A Beginner’s Guide to Meditation: Practical Advice and Inspiration from Contemporary Buddhist Teachers edited by Rod Meade Sperry is a collection of essays, most of them quite short, from several familiar and some not-as-familiar names in Buddhism. Although the title suggests this anthology is for the beginner, I think it is ideally suited not to the true beginner, to someone who has never tried meditation, so much as it is ideal for those who have tried to meditate an maybe not experienced much success or those who are meditating but are unsure if they are doing it quite right.
Hint: If you are doing anything, you’re doing it right.
Part One introduces mindfulness meditation, focusing on the breath, with essays from Sharon Salzberg, Thich Nhat Hanh, and Clark Strand. You may have never heard of that last writer but I love his book Seeds From a Birch Tree. There is an invitation in this first part to practice meditation for only 2 weeks and Norman Fischer defrays the usual excuses why it can’t be done. By the end of the first part, the reader who has tried and failed will be inspired to try again while the one who is practicing will be reassured that the most essential part of meditation practice is simply showing up.
Part Two redirects the reader only slightly, exploring how attention in meditation can be used to benefit the practice. Sylvia Boorstein and Jack Kornfield as well as the perhaps less familiar Noah Levine and Gen Lamrimpa talk about metta meditation and insight meditation (a great Q&A style piece by Sayadaw U Pandita) alongside another from Thich Nhat Hanh on walking meditation. Each subject is given a cursory introduction so a reader wanting to learn more will hopefully be inspired to find other resources that will take them further.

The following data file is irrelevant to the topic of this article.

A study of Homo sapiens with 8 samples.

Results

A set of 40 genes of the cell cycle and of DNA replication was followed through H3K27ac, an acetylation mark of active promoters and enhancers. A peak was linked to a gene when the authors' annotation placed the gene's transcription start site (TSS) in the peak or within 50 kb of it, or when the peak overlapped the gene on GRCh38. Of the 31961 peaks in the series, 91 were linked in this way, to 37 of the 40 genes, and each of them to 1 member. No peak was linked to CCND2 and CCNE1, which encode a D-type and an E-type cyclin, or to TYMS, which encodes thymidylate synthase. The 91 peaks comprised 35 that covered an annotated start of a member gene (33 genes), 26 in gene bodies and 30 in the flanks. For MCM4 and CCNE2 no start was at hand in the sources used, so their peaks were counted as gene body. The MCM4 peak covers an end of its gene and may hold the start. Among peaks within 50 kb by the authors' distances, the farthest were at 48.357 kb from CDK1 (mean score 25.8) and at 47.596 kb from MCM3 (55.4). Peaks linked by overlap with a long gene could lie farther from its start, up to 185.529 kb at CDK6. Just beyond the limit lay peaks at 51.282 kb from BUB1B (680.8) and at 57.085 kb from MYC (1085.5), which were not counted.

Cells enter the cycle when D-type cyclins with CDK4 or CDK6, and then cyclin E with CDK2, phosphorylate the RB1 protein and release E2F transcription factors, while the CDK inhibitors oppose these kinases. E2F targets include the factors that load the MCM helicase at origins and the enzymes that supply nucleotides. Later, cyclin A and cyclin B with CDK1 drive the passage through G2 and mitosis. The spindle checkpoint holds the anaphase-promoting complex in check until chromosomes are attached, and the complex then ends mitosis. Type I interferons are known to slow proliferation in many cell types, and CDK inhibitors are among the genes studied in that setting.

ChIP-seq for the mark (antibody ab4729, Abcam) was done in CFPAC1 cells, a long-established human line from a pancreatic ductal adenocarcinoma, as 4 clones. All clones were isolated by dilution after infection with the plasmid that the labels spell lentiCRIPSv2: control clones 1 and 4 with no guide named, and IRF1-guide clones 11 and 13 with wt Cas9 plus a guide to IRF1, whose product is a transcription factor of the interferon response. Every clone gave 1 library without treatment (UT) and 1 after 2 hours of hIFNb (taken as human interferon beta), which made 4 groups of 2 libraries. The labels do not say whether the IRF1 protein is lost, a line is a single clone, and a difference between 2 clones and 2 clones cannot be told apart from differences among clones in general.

Hint: Thich Nhat Hanh has an entire book on walking meditation that includes a DVD & CD on walking meditation which is quite good!
Part Three focuses on the practical—sitting zazen on a zafu. Anyone who’s read Natalie Goldberg probably recognizes these words but you don’t have to know which is what to benefit from this section. There are articles on koan practice from James Ishmael Ford and John Tarrant along with a wonderful except from Shunryu Suzuki Roshi’s Zen Mind, Beginner’s Mind.
Part Four gets to the nitty-gritty of some of the challenges of an ongoing meditation practice, the importance of perseverance, as well as taking the practice deeper still using lojong slogans (the essay is from Judy Lief and I just finished reading Pema Chödrön’s book Start Where You Are so, as you see, a curious reader who wants more than an essay can easily find other resources to explore after finishing this book).
Part Five talks about meditation retreats, meditating in a sangha, and reminds the reader to just do it. Some may be surprised to see a section from Cyndi Lee and David Nichtern on yoga and meditation but the Buddha practiced yoga before finding enlightenment and the two are innately complementary to one another. The concluding piece from Pema Chödrön is a perfect closing to what is a wonderful collection, one that lends itself to being a permanent collection to anyone’s library.
The editor has culled powerful pieces from Shambhala publications. The essays are organized to build upon one another very clearly while others almost seem to bookend one another. There is a tightness implied within a collection that nonetheless manages to flow from one idea to the next. If this collection doesn’t inspire the non-practitioner to meditate, I can’t imagine one that could do it. For someone who is already meditating regularly and perhaps wanting to take the practice to the next level, I’m confident this book will have ideas to move the practice into a more experiential one, whether through the moving meditation of walking/yoga or through the use of koans and slogans. I would be genuinely surprised if even a longtime practitioner didn’t come away with some new insight and inspiration. Altogether, a wonderful resource.